Promoters Vs Pullers | Which Side Are You On?

Posted by Ryan Bowen on

Globally, armwrestling in the last 12 months has been a rocky ride for both promoters and pullers alike. No one will forget the demise of the WAL Finals where the collective financial loss among armwrestlers was in the hundreds of thousands; nor will people forget the issues over puller contracts in various leagues that lead to the demise of leagues such as the UAL. And even at the lower level we have seen many promoters of tournaments and supermatches pull out of their cash prize promises at the 11th hour.

 

There is no question that pullers involved feel gutted at events such as this. Losing money, losing prestige, losing an opportunity to legitimize their progress is a bitter pill to swallow and one that fuels a lot of resentment.

 

But don't forget the promoter. Although it appears on the surface that the promoter has done the wrong thing. Remember that the promoter set out on their path with the best of intentions, invested time, energy and their own money to host a tournament and they have fallen short, and now lost money and reputation. Am i saying the promoter isnt in the wrong? Not at all.

 

So, what is the solution to this problem that seems to be plaguing the sport at the moment. I believe the buck stops with the promoters. Too many armwrestlers prematurely pull the trigger on promoting a tournament. And far too many over promise without any suitable financial position or business plan in place. It comes down to the realisation, that in order to give a sponsor, or a venue value for money, you must give them value in the form of advertising or direct sales.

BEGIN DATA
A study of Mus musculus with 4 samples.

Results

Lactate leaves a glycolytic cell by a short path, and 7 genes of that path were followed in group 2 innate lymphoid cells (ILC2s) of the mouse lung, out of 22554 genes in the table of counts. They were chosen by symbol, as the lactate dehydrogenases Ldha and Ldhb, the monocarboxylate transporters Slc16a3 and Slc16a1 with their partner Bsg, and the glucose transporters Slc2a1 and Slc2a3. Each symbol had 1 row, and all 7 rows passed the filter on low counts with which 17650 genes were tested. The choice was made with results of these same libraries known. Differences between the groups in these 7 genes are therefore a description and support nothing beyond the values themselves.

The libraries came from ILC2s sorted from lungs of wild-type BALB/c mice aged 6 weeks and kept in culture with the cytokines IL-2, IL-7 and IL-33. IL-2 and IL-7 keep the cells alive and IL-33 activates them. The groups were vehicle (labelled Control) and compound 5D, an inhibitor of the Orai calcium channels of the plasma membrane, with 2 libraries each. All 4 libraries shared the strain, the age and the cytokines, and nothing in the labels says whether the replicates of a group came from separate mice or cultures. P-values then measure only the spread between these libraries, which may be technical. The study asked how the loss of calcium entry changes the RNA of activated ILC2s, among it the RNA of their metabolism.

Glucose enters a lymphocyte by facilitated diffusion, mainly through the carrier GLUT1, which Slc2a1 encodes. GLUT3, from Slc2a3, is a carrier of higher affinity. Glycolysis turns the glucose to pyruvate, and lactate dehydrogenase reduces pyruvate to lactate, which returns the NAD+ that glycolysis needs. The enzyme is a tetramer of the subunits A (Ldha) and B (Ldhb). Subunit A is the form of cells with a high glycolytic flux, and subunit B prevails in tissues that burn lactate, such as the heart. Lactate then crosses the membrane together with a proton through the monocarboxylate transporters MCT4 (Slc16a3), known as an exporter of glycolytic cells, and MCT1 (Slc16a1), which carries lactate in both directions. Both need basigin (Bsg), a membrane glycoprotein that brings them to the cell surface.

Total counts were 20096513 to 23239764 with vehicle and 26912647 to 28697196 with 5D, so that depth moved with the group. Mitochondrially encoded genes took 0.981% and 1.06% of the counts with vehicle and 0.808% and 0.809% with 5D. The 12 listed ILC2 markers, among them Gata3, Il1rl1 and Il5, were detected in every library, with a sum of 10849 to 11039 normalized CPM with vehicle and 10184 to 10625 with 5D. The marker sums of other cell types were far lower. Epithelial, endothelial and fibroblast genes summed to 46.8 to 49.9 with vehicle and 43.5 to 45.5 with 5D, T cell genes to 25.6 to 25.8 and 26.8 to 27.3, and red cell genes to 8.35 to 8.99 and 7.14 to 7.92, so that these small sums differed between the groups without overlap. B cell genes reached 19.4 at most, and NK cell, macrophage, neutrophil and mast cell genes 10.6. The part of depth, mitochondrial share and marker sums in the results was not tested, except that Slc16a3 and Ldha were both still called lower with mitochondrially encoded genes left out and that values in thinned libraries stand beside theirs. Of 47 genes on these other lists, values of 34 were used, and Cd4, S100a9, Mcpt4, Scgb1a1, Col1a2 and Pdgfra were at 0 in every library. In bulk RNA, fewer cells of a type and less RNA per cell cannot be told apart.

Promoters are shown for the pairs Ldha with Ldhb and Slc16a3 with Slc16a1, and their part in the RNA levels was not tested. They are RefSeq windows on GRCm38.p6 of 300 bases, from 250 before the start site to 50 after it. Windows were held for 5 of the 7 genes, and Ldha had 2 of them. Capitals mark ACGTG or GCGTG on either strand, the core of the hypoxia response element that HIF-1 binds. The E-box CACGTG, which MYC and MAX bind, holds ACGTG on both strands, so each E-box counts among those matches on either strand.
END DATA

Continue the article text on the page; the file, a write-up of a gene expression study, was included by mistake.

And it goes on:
If promoting armwrestling events is something you aspire to do you must realise that it is all about sales. Sales are everything in the world of business. Pats on the back, and goodwill aren't ever going to be enough. Before you even pull the trigger on promoting an event, you must realise that you need to write a business model that results in sales for the sponsor or venue first and foremost. 

 

So how do we achieve these sorts of sales?

 

I believe that the best form of marketing is storytelling. Whatever the story, if it is told well, an audience will watch. See my example of the Bishop Vs Bowen supermatch. We had 22,000 live views within 24 hours of the match going live. We had a total of 238,000 views of the pre match videos, and we delivered real targeted advertising value to the venue that was hosting the event.  The venue walked away from the event over the moon, they felt they achieved a well and truly positive return on investment and look forward to doing it again.

 

 

 

 

 

The reason we were able to achieve results such as this was because of the fact that through the marketing we told the story of who Justin and I were and how much the match meant to each of us. It drew passionate fans from the communities of Alabama and Redbank Plains together to support their guy, and everyone who watched the build up and match walked away having thoroughly enjoyed the process.

 

Storytelling really is the key. Learn how to do it.

 

At the end of the day, armwrestling has been an underground sport for a long time. As the decades pass, new faces arrive and spark hope of the sport someday being mainstream. And most pullers who have been around, despite their love for the sport itself, have lost hope that anything significant will ever happen.

 

I believe the sport can be big. In today's age of content production and ease of global distribution, it is crazy to think that it cant be done. People have made far less activities a global phenomenon and for anyone willing to start storytelling, armwrestling too, can be one of those things that make it.